Amusement park plans resurface for restaurant row

Amusement park plans resurface for restaurant row


to take over the Myrtle Beach Shrine Club have been submitted to the Community Appearance Board.

City Spokesperson, Mark Kruea, received the plans on Friday, just about a month after the public hearing on the first set of amusement park plans.

Kruea explains the new, reformed proposal, is much less intense, and fits all of the city zoning requirements and ordinances.

Kruea says the new plans no longer include any of the children's rides and instead of gasoline powered go-carts, there will be electric go-carts. He explains, for that particular 6.2 acre plot of land, it would fall under commercial highway zoning.  He says the plans were altered so the park would fit into the Shrine Club property.

Patrick Talty lives in the home just across the waterway. His home is visible from the proposed park site. He attended the public hearing, and as Robert "Shep" Guyton, the attorney behind the project, withdrew the original proposal, Talty says he had a feeling it wasn't over.

"It made you wonder what they were planning to do, you know, what their  plan B was," Talty said. He explains he knew what kind of attractions came to Restaurant Row, but admits he was expecting another restaurant or indoor attraction. In the middle of building his dream retirement home, he got word of the plans.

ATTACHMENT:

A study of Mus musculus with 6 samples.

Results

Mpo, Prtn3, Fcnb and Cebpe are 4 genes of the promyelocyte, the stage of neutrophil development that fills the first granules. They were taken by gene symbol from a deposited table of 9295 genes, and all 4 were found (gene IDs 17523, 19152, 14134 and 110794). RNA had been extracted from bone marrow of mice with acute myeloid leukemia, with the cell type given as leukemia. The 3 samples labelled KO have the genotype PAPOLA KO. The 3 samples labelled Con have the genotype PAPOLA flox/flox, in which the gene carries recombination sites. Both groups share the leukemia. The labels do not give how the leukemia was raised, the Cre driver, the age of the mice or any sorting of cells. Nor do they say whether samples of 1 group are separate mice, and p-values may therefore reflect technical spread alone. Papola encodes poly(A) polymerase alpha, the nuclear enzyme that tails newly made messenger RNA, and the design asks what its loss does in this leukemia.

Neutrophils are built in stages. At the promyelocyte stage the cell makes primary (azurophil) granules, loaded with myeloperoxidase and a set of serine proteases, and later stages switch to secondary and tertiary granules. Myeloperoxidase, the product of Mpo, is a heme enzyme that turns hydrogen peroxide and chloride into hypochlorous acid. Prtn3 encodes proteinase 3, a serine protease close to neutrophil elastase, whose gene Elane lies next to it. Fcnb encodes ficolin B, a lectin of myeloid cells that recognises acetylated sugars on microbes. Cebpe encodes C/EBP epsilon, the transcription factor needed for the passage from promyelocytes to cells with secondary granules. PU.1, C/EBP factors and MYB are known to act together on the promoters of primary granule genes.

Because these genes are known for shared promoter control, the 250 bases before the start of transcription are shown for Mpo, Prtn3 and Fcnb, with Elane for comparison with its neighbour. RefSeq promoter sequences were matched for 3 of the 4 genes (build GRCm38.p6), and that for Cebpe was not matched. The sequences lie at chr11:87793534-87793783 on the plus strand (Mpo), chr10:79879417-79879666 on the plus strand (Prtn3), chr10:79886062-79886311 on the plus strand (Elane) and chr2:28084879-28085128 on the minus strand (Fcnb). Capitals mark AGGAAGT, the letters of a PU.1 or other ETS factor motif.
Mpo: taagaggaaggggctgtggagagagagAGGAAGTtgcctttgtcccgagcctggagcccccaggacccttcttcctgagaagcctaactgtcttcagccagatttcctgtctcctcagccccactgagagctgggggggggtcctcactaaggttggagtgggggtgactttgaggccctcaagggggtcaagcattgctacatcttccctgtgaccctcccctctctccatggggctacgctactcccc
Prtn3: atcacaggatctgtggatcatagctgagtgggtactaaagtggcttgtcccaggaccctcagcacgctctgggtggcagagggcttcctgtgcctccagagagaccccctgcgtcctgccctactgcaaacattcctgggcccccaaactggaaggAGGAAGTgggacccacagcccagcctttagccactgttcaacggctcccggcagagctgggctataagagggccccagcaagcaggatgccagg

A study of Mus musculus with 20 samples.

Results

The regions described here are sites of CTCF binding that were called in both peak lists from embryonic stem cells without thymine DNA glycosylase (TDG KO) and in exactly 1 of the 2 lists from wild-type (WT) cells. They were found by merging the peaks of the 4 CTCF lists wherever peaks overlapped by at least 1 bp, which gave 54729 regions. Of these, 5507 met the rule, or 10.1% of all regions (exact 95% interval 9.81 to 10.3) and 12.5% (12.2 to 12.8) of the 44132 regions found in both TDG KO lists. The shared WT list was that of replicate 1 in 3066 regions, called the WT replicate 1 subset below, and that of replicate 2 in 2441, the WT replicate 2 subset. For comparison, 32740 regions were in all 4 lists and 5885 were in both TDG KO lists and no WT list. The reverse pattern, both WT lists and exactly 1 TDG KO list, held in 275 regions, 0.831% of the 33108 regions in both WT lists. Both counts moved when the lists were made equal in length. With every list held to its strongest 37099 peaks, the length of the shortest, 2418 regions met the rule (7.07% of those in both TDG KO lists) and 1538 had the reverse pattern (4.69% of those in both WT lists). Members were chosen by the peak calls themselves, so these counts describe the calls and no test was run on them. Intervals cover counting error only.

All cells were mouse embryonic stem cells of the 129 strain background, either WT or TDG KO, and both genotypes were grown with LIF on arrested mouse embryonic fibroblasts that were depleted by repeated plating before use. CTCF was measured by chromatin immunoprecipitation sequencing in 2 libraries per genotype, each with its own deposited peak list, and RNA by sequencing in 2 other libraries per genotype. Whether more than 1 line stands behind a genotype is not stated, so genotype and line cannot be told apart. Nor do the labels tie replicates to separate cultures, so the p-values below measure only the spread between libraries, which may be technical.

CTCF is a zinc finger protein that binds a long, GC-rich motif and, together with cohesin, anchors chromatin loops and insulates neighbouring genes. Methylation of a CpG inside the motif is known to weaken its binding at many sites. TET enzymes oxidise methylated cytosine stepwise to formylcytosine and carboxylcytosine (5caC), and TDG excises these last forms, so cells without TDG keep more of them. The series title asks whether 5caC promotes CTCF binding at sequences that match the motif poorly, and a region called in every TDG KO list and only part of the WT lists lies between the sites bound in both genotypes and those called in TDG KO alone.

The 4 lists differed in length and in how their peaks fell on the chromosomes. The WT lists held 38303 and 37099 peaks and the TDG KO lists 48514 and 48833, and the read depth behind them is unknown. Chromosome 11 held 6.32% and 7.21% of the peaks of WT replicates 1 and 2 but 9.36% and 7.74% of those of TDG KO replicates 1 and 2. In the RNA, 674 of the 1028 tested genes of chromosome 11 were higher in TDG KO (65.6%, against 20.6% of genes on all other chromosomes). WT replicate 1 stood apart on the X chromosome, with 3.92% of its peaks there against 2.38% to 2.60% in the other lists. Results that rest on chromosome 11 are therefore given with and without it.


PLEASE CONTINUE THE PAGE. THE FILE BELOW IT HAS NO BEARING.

"I was a little sick thinking they might have an amusement park literally in our backyard," Talty said.  Knowing the new plans fell under city ordinances made him feel better, but knowing the plans still called for two-story tracks was still a concern.

"Even a quiet cart, with the wheels going over the tracks you still hear thump, thump, thump, thump, thump! Which can still cause quite a bit of noise," Talty explained.

Kruea believes the new plans should answer most of the concerns brought on by residents, such as noise, lighting and traffic. He explains, the city is often in the middle.

"Balancing the needs of the residents, with the needs of the business community, keeping in mind tourism is the back bone of our economy, is a non-stop job," Kruea expressed.

Talty hopes the city will still keep their concerns in mind.

"...and look out for us, because now it's in their hands, not our hands," Talty hoped.

But as Kruea explained, these plans hold their own. "They don't need city council permission, don't need to go through the planning commission process. This is allowed under the existing zoning for that piece of property on restaurant row," Kruea explained.

The new amusement park plans will be up for review at this Thursday's Community Appearance Board meeting at 1:30 p.m..

Kruea says though the plans will not call for input, the meeting will still be open to the public.